The new nostalgia-fueled line-up is coming to mobile, which as we all know is the best outlet for classic games.


The first five Sega Forever games will hit the App Store and Google Play tomorrow. Those include Sonic the Hedgehog, Phantasy Star II, Comix Zone, Kid Chameleon, and Altered Beast. The iOS versions include iMessage sticker packs. If you'd rather pay for an ad-free version, you can shell out $1.99 per game. New games will be added each month with Sega titles from all console eras.

Mobile ports of classic games have been hit-or-miss, as in the case of the messy Mega Man games that hit mobile earlier this year. Even if the emulation works perfectly, though, virtual controls and third-party controllers aren't ideal. As a way to try out some classics it will probably work well enough, though, and at the low, low cost of zero dollars it doesnt hurt to indulge in a little nostalgia.

Editor-In-Chief

From The Chatty

  • reply
    June 21, 2017 11:30 AM

    Steve Watts posted a new article, 'Sega Forever' Brings Back Classics for Free, with a Catch

    • reply
      June 21, 2017 12:40 PM

      With a catch. So... Not free?

    • reply
      June 21, 2017 2:40 PM

      Fun fact: the dev for the original port of Mega Man 2 to iOS (in 2009) made a post on ars about why the port is so damn bad

      http://arstechnica.com/gaming/2017/01/do-not-buy-mega-man-1-6-on-android-ios/?comments=1&post=32576327#comment-32576327

      I actually wrote Mega Man 2 for iOS in 2009.

      Its not actually a port, and its not an emulator. I took the Brew/C version, and ported that code base to ObjC/C/OpenGL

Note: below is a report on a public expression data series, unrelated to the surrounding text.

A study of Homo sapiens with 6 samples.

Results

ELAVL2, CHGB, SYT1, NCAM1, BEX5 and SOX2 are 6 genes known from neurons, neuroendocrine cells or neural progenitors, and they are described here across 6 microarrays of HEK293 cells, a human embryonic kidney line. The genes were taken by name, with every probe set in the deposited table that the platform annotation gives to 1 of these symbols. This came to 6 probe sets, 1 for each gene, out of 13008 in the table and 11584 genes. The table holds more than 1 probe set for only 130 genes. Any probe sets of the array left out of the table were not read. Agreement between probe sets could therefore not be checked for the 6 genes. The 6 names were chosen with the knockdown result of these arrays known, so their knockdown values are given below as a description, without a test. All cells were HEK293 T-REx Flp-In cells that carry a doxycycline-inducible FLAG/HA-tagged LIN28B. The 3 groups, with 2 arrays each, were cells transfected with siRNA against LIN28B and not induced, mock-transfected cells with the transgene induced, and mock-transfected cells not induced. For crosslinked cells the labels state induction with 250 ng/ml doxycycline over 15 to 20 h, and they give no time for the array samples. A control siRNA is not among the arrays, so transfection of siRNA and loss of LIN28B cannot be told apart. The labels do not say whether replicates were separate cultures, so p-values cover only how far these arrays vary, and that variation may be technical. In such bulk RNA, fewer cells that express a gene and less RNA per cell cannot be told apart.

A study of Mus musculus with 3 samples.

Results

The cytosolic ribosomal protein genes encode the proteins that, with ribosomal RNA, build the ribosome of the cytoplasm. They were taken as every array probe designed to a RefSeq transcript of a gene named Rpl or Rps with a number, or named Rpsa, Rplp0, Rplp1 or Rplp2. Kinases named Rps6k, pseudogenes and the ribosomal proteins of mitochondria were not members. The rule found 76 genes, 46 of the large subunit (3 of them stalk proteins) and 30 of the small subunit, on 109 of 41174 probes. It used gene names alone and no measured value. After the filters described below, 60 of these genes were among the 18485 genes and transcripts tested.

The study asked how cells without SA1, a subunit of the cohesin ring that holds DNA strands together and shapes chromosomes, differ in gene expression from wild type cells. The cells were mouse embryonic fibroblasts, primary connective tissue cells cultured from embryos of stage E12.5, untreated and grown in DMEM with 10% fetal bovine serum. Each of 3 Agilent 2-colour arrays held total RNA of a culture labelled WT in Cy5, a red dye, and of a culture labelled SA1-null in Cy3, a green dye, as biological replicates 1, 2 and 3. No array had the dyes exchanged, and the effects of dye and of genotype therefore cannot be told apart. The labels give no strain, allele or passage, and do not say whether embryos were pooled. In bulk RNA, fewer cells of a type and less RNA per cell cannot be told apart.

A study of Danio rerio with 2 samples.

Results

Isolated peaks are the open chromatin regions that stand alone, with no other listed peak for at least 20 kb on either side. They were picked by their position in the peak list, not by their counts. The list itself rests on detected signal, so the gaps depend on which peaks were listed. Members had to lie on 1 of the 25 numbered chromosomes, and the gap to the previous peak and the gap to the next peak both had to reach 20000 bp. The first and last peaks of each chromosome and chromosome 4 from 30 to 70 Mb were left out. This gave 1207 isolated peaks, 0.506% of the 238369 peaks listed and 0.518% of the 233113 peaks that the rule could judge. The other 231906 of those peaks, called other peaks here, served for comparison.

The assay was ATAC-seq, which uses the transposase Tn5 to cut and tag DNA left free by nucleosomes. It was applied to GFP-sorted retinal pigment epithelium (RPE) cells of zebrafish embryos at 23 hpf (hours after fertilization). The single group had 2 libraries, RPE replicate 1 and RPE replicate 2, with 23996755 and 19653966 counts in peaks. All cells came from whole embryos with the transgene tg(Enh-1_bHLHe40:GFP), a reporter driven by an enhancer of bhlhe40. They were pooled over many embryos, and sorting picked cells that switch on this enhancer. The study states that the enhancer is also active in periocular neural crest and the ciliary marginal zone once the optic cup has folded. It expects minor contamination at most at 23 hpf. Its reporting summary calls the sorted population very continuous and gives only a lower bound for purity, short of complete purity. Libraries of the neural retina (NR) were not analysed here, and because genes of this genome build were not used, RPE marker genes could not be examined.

The code base we had is not the original, the team had previously rebuilt the game from scratch, and pulled the assets from the internet (sprites.co.uk) and music from other spots. Capcom Japan told us they didn't have any original assets anymore when we asked.

      I was told to essentially write Mega Man 2 from a very poor version for old feature phones. Added back in missing bosses, missing areas, assets, enemies, etc. Try to re-create the AI as closely as possible.

      There were 2 releases of it, 1 where MegaMan still didn't even jump correctly (a triangle shaped jump) and 1 where we got it about 95% right.

      Although I can speak to the file size easily enough:
      OpenGL Textures doesn't do index colors, so you cant just adjust the color indexes for megamans powers and enemy variants. So instead of 1 sprite sheet for each frame (which is still not how the original did it, they composited him from about 20 pieces into a full body), we had to have 16 or so. We couldn't do midi style music, we were using ogg vorbis (the project pre-dated Apple having a good API for mp3 playback)

      It took alot to get it running at 60fps consistently back then. I left Capcom Mobile before they were renamed to Beeline. The studio was actually shut down recently.

    • reply
      June 21, 2017 3:49 PM

      Wish they would put that all out on the Switch for one price or something, I'd happily pay for that over using touch controls for those games.

      • reply
        June 21, 2017 11:47 PM

        Agreed. Something like the excellent mega drive collection they did on Steam.

    • reply
      June 22, 2017 12:25 AM

      They fucked up the music with Phantasy Star 2.